The right to camp out by the beach and sleep to the sound of the surf is being banned in one of the North Island's most picturesque holiday spots.

A Thames Coromandel District Council bylaw which comes into effect today sets a fine of $40 for anyone not camping in a campground or holiday park.

Critics of the bylaw say the crackdown on "freedom" camping will scare tourists away and ruin the romantic ideal of camping in isolation.

But the local tourism board says the fine will not deter international travellers because visitors are keen to preserve New Zealand's clean image.

The council said the problems associated with freedom camping - public drinking, waste disposal, and disorder - were increasing.

It already has power to prosecute illegal campers or seize their vehicles, but the new regulation aimed to make it easier to penalise illegal camping.

Thames Coromandel District mayor Philippa Barriball has opposed the fines, saying they will discourage local and international visitors and hurt the local economy.

She said more camping sites were needed, as the peninsula was expecting an influx of tourists during the 2011 Rugby World Cup.

Tourists visiting the hotspots in the Far North have no need to worry about fines but can be prosecuted.

Far North council monitoring team leader Andy Dowdle said camper vans cannot stay overnight at parks and reserves.

But he said people can pull up on roadsides to sleep overnight.

Mr Dowdle said the council does have problems with people staying at a particular spot for weeks and sometimes months and the council issues those people with a trespass notice.

"Campervan owners like the freedom and they've paid a premium for that," Mr Dowdle said.

The Gisborne Council charges people $10 a night to "freedom camp". The charge includes rubbish bags.

According to the council's website, people need permits before they camp on the side of the road.

Gisborne District Council parks and reserves supervisor Jenny Allen would not answer questions before going through a council spokeswoman.

Motor Caravan Association president Dick Waters said the move by the Thames Coromandel council was a backward step as the number of camping grounds had fallen drastically in the past five years.

He received many complaints from association members who said campgrounds on the peninsula were crowded during summer.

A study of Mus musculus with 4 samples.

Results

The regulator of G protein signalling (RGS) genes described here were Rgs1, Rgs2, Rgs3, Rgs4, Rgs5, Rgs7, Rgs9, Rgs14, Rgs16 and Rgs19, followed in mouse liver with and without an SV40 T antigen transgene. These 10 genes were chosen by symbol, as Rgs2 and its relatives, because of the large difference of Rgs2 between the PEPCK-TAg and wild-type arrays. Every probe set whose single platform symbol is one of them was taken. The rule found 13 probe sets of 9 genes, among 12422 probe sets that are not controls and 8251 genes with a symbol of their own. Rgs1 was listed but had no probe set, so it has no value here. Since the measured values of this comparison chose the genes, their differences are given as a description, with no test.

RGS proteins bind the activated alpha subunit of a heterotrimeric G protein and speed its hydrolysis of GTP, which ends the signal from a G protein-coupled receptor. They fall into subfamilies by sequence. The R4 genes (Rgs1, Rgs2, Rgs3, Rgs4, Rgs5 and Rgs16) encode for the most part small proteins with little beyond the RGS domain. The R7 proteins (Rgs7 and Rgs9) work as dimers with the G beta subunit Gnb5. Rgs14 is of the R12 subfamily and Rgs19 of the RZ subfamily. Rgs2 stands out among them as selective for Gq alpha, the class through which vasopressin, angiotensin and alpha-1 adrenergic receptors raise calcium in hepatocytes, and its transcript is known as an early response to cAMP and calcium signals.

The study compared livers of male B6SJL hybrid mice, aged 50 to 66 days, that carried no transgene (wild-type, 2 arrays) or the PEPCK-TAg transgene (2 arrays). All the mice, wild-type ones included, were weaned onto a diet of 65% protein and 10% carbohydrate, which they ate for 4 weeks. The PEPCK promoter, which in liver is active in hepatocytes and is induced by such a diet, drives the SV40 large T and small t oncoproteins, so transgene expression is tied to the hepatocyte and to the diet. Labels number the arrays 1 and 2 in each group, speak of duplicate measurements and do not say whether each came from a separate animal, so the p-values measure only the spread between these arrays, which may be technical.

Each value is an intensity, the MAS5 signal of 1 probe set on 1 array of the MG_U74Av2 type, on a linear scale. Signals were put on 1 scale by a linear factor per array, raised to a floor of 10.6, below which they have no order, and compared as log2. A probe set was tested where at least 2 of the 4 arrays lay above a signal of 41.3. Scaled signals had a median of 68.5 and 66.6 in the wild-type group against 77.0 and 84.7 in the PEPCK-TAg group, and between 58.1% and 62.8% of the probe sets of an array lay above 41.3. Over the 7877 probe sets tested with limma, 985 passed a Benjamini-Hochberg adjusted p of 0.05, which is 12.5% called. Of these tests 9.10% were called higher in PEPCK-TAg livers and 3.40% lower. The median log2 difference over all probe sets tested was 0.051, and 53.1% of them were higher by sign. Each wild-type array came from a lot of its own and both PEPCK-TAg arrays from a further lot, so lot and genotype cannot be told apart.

But Tourism Coromandel said several campgrounds had opened recently, and holiday parks were rarely full.

Chief executive Jim Archibald said that despite the economic downtown, the number of tourists coming to Thames-Coromandel had increased.

He did not feel these visitors would be deterred by freedom camping rules because "they were very aware of not wanting to have an impact on the environment ... perhaps more aware than Kiwis".

Mr Waters said he would have supported the introduction of a system used by the Gisborne District Council, which issued freedom camping permits.

"That way the council can satisfy its commercial interests as well as controlling it."

He said the Coromandel council should encourage education on proper waste disposal, and provide supervised areas where people could camp freely.

Whangapoua Residents' Association president Erwin Drok said legislating against freedom camping touched a raw nerve, because New Zealanders clung to the ideal of being able to set up a tent anywhere in the open.

"The Coromandel has such spectacular beaches ... people want to hear the surf crashing all night, and wake up in the morning to a gorgeous beach. Why would you want to be in a campground?"

But he said the sheer numbers of people crowding onto the peninsula during the summer period meant more controls were necessary.

Hahei Holiday Park manager Roy Taylor said free camping - or "low cost housing" - was a blight on his community, as people living in their cars contributed to petty crime.

The council is unlikely to impose fines until its freedom camping strategy proposal is completed early next year.